A doctor will review your order and write you a prescription, if appropriate. This prescription is then forwarded to a pharmacy. The pharmacy will have your medicine delivered to you within one to three working days. Read more about this process here.
What is Champix?
Champix is the trade name of Varenicline, a medicine designed to assist smokers in quitting their habit. By mimicking the physical effects of nicotine, it reduces the compulsion to smoke and also relieves the often distressing withdrawal symptoms that make many smokers return to their old ways despite being desperate to quit.
Read on for more information about this widely used and effective medication. Champix is often used in association with counselling support and behaviour modification to help people quit smoking, rather than on its own.
When is Champix used?
You take Champix daily in tablet form for seven days prior to the day you've set as your 'quit date'. The idea is that your body gets used to the medication by the time you quit smoking and move on to the tablets exclusively.
It's important to understand that a will to quit smoking needs to be there already, and that Champix merely assists the body in weaning itself off the physical dependency of the tobacco by switching to a harmless alternative which will itself be eventually removed.
Alternatively, instead of setting a quit date before embarking on the course, you can start taking the Champix before you set it, and then choose one that is anywhere between eight and 35 days later.
How to use Champix?
Champix is a prescription-only medicine and cannot be bought over the counter at a chemist. Once you've reached the quit date, having taken the tablets daily for the previous seven days, you then continue taking it alone for 11 weeks.
Take the tablet with water after eating, usually after breakfast and an evening meal. Many people find they're successful in their attempts to quit smoking after this treatment. For others, a further course of treatment may be needed, and your doctor may advise tapering off the dosage as an aid to quitting.
Most people begin taking Champix with a 0.5mg tablet per day for the first three days. The same dosage is then taken twice daily during the following four days, completing the first week of build-up. At this point, after you've reached your quit date, you take a 1mg tablet twice each day for next 11 weeks. The complete course of treatment is typically 12 weeks.
There are not many side effects associated with taking Champix. As always, however, carefully read the information accompanying the pack and be alert for any of the listed ones occurring to you, in which case seek medical advice.
These may include:
- Nausea (taking the tablet directly after a meal with plenty of water reduces severity)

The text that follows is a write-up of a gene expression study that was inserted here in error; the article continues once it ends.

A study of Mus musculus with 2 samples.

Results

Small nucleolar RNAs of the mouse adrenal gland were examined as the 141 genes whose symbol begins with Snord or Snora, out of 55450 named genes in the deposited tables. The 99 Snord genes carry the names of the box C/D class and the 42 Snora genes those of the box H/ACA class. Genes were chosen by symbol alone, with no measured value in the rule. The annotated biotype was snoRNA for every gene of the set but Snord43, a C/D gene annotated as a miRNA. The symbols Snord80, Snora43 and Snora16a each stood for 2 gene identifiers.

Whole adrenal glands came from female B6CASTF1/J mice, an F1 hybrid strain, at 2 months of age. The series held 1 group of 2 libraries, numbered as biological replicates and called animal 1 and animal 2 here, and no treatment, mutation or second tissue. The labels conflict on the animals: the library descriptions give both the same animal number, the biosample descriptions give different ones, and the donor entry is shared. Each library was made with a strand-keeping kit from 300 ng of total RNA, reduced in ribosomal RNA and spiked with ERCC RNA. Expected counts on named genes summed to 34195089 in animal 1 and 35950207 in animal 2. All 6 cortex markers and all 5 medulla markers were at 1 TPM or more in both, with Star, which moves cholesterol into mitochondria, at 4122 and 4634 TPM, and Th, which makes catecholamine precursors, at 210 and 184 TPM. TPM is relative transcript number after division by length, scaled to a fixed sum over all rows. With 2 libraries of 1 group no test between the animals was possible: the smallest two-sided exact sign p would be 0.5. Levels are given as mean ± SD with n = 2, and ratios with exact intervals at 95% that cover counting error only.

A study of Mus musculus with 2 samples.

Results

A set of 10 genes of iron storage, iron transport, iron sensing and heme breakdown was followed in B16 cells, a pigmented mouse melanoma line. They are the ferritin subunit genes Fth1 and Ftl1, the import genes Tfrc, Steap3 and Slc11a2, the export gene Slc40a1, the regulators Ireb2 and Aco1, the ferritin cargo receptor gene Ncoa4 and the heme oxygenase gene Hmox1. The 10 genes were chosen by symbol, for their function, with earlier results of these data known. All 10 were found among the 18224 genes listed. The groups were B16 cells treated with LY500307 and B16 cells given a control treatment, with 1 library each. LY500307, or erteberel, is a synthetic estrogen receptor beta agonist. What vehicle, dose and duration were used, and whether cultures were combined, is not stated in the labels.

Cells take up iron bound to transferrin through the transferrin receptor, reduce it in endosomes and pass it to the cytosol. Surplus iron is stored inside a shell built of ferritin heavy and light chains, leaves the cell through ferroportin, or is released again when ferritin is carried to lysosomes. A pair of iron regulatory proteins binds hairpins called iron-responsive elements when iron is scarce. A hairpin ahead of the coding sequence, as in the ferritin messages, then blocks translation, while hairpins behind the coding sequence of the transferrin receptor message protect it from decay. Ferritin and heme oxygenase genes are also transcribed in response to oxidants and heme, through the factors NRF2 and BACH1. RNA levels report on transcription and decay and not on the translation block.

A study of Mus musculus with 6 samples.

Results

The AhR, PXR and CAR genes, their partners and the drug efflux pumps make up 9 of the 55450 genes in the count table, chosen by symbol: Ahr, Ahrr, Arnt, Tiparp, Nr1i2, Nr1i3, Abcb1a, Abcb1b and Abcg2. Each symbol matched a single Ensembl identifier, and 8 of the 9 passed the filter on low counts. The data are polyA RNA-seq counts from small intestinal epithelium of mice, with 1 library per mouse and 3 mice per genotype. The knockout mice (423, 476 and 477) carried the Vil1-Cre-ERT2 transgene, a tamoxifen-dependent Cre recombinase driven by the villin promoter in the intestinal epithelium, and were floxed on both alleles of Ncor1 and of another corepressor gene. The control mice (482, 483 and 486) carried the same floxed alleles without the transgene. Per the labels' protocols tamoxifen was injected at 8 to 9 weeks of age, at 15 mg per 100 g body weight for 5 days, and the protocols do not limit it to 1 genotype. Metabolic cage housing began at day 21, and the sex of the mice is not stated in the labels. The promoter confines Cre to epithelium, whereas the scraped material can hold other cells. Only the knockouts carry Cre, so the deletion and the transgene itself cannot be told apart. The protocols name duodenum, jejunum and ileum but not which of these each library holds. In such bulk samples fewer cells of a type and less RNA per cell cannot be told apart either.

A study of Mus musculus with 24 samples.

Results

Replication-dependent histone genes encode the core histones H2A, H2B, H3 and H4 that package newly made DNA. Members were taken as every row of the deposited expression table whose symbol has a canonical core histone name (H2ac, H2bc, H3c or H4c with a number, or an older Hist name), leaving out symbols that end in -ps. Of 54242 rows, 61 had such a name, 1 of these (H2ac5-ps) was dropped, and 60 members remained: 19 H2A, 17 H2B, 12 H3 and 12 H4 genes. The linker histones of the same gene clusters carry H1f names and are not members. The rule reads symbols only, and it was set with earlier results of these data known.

- Mood swings
There is also a slight risk of heart problems developing. Panic attacks, hallucinations and feelings of anxiety, along with mood swings, irrational fear and increased aggressiveness, are all symptoms associated with giving up smoking. If they become invasive to your daily life then they should be reported immediately to your doctor as they are potentially dangerous both to yourself and others.
If you are taking some other types of medication your doctor will need to be informed of these before prescribing Champix, as there may be adverse interactions between this and other drugs in the body. Of particular concern in this connection are anticoagulants and insulin.
Other medications designed to help quit smoking, such as bupropion, as well as nicotine gum, skin patches, nasal sprays and inhalers should also be mentioned to your doctor. Also inform your doctor about any history of kidney disease or heart problems before taking Champix, or any problems with your pulmonary system. A history of depression is often an indicator that a drug such as Champix is not appropriate in your particular case, and if you're a habitual drinker of alcohol this will also have to be taken into consideration.
Pregnancy/ driving ability/ alcohol
There have been limited studies on the effects of drugs such as Champix in pregnant women, and these have not indicated any adverse issues in terms of foetal malformations or other harmful effects. It cannot be ruled out that Champix and related drugs can cause harm to a foetus. Equally, whether it passes into the foetal milk during breastfeeding is another unknown quantity and women are advised not to breastfeed when taking it.
Generally speaking, the body is under such pressure during a pregnancy that it is not sensible to choose this time to start introducing unnecessary drugs of any description, but if in doubt always consult your doctor or other healthcare professionals.
It is advisable not to drive while taking Champix, or operate complex machinery, as the medication can cause drowsiness.
Also avoid drinking large quantities of alcohol with the drug, as it can change the ways in which alcohol affects you. Drink less than you would normally when you begin taking it to check its effects.